Some of the most haunting official photographs of the First World War were taken by a Peabody resident, William Rider-Rider.
Before the war William Rider-Rider was a photographic journalist living in Westminster and working for the Daily Mirror.
He enlisted in the Suffolk Regiment in June 1916, by which time he had moved to the Wild Street estate with his wife and their young son.
Because he wore glasses he was not sent to fight but instead became an Army gymnasium instructor. However, the Canadian military forces made an official request for him to be transferred so that he could work for them and take battlefield photographs, replacing a man who had also worked for the Daily Mirror.
He was given the honorary rank of lieutenant and had a knack of positioning himself at the centre of the action. He took 2,800 photos and was awarded the MBE for his services to war photography.
His images show the full horror of the conditions in the trenches on the Western Front, and are still used today to illustrate books and television programmes.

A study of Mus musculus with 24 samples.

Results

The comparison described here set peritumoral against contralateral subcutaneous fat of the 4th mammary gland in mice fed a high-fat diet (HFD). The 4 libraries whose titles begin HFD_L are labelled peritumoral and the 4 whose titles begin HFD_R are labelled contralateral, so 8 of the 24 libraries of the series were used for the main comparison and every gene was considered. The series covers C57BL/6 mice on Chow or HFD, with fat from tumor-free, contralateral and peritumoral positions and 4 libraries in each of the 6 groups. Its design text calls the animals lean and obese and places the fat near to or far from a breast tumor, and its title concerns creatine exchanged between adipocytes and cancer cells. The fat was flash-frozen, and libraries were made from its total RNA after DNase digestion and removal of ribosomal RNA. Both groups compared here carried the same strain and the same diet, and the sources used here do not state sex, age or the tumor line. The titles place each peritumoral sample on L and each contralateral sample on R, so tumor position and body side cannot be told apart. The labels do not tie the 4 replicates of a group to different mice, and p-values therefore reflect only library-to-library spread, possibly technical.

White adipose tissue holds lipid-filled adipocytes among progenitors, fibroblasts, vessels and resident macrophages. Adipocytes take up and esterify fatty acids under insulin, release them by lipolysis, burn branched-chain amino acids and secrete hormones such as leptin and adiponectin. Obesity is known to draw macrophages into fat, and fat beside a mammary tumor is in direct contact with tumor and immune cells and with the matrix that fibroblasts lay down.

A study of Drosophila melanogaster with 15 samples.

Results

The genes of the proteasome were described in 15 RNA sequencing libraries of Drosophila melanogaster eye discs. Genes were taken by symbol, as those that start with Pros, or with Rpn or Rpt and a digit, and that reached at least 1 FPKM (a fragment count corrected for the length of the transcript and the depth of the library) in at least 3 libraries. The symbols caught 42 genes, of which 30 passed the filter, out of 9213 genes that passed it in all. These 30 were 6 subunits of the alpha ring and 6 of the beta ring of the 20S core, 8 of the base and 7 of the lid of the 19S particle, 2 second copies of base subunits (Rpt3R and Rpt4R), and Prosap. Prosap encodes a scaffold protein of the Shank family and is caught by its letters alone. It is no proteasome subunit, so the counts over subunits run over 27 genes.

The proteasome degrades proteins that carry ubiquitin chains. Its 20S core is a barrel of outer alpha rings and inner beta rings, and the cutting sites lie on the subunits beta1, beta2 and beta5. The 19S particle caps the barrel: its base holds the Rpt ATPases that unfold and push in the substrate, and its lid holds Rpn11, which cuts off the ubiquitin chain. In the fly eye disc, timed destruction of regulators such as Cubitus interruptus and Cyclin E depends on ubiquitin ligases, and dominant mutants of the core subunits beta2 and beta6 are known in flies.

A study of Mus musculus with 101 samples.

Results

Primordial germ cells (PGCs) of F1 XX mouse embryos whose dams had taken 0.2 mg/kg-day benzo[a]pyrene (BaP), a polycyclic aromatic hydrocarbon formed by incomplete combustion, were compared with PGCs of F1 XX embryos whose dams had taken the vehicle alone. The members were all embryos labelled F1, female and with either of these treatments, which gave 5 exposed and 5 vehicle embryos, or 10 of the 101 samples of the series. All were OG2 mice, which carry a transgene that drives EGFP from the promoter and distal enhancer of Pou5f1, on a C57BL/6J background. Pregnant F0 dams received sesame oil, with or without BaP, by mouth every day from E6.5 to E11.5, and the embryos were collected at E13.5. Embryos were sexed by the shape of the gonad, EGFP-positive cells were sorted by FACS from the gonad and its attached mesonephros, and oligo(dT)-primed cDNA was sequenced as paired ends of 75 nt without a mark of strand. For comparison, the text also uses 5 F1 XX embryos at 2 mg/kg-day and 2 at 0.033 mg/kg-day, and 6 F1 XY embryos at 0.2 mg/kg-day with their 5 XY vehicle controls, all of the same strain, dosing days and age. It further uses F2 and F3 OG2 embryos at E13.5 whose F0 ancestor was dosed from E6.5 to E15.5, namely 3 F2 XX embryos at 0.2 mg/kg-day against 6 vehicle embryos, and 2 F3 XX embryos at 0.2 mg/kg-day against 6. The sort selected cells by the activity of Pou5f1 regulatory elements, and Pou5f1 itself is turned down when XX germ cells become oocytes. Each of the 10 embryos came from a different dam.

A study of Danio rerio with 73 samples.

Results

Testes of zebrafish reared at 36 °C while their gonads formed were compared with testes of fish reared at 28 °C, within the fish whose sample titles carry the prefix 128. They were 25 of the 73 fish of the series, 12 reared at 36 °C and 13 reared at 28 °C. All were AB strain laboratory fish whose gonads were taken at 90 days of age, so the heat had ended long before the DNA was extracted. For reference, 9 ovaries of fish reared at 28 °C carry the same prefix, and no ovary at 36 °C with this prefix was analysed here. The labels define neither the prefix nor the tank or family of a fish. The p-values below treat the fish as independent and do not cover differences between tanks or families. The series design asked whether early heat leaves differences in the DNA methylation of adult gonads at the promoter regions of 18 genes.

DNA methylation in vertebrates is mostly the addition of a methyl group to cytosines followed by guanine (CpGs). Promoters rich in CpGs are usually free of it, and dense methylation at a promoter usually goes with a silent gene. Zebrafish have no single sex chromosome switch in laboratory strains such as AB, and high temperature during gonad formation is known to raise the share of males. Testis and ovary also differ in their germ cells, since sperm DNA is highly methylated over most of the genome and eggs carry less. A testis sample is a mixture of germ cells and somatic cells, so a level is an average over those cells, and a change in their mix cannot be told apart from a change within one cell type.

Many of his most striking pictures were taken at the Battle of Passchendaele in October and November 1917, where heavy rainfall meant the mud was at its worst.
Troops of the Canadian 16th Machine Gun Company crouched in shell-holes – only one man in this photograph survived
After the war, William Rider-Rider’s large collection of official Canadian war photographs was transferred to Canada. He returned to his life on Fleet Street, and worked as chief picture editor and later night news editor on the Daily Mirror. He retired in 1948 and died in 1979.
A line of Canadian troops receiving drinks
Canadian troops taking cover in a ditch near Arras in September 1918
A group of Canadian troops at a soup kitchen
Aftermath of the Battle of Cambrai, 1917
Captured German mortars
We commerate World War One here and look at its impact on our residents and communities.
Our records show that by 1916 there were 2,637 Peabody residents serving with the armed forces. We believe 350–400 died on active service.